Game Review | Tales from the Borderlands | Season 1 | Overview
Season Summary: Corporate stooge Rhys, and Con woman Fiona team up to discover the secret of an alien vault on the dangerous planet Pandora. (IMDb)
*** SPOILER ALERT – Do not read any further if you don’t want any spoilers ***
In comparison to the highs of The Walking Dead and The Wolf Among Us, Tales from the Borderlands has to go down as at least a bit of a disappointment. There’s certainly a lot that works and it’s often very funny – a trick many games can’t achieve – but the series too often disappoints to match up to Telltale's best.
The game looks pretty good for the most part, with some sections taking advantage of the sci-fi setting to really go all out with the environment design and provide some genuinely beautiful images. The characters all have pretty good designs too, but the animation means they don’t move as well as they look like they should.
I wasn’t keen on the voice-acting at first, but the performances do improve as the episodes go by, with the performers presumably much more comfortable in the roles after a settling-in period. The music is pretty great too, with some excellently-chosen tracks for the title credit sequences.
However, this is a game, so the usual complaint of Telltale randomly throwing a control system at you that seems to conflict with the on-screen action crops up yet again. The only time I will ever grant an exception for this is during the big battle in the finale. It’s set-up to be controlled like an arcade fighter, so it’s only fitting that the controls deviate from the usual there.
Setting things up does seem to be a problem with this particular series though, with a lot of characters disappearing, re-appearing or even being killed off just because that was what the story required rather than for any meaningful purpose. I will just add the caveat though, that with games like these where you can change what scenes you see due to your choices, that what was anti-climactic in my play-through may unfold differently in yours.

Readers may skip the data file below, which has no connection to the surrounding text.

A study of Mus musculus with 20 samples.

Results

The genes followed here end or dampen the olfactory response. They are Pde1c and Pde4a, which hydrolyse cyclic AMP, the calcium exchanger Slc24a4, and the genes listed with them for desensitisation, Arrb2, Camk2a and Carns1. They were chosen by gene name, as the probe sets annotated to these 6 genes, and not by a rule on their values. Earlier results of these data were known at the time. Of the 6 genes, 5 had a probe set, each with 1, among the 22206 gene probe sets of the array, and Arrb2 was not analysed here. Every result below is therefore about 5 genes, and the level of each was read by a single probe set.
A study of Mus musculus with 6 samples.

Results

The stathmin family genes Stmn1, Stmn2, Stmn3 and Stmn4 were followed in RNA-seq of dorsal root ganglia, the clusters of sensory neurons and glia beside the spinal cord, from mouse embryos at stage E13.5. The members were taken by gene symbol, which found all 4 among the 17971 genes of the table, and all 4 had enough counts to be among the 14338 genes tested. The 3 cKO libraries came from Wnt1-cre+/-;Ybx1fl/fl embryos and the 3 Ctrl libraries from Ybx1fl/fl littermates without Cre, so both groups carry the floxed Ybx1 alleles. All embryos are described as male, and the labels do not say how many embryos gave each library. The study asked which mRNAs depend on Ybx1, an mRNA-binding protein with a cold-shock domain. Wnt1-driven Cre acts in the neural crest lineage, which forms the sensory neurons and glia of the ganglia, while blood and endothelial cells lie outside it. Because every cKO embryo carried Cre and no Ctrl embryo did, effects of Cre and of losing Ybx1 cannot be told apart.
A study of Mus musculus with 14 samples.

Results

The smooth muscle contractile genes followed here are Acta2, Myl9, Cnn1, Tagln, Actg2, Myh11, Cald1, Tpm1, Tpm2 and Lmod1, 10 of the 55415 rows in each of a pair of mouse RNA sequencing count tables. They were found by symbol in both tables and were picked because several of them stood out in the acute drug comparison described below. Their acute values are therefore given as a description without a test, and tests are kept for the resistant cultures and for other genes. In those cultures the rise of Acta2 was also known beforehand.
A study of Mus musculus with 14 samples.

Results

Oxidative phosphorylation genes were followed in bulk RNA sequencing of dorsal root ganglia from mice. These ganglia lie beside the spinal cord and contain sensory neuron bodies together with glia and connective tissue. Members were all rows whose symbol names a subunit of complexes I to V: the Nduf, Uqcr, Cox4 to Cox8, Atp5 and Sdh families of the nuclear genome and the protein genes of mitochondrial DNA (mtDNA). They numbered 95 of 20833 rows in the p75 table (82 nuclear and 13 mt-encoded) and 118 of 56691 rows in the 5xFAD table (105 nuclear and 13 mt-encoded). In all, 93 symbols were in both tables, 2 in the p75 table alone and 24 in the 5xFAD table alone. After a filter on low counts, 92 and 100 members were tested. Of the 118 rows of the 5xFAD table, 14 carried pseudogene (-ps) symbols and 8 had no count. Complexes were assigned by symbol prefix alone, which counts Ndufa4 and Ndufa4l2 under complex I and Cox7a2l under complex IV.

Of course, this then leads to the question of why you’d design a game that could potentially be unsatisfying and underwhelming if the player doesn’t make the ‘right’ choices. The scope feels a little too wide and trimming away a subplot/character or two could have really made the whole thing feel much better.
Then again, with this being a licenced property from another developer and being kept in continuity with the main Borderlands games, maybe it wasn’t possible for Telltale to really do that and certain characters and storylines were included at Gearbox’s request?
Regardless, the whole thing feels a little deflating in the end. There’s undoubtedly a lot of good in Tales from the Borderlands, although it does get shakier as the season progresses and you end up just having to put up with the mediocre sections and hoping that the next fun bit comes along soon.
It’s interesting to compare this title with something like Life is Strange rather than the other TellTale games. I want to play Life is Strange again, despite the fact that I don’t really like a lot of the characters because the game takes too long setting them up for what is a fantastic second half of the season.
Tales from the Borderlands is pretty much the exact opposite: I really like the characters and the world they inhabit, but the shaky end to the season means I don’t really want to play through it again, but maybe selected episodes instead.
And that ending? It should have been left at the fade to white when Rhys and Fiona open the Vault chest. Showing the empty Vault, with the pair presumably teleported somewhere means we don’t get any real closure for the story and feels far too forced a set-up for a second season.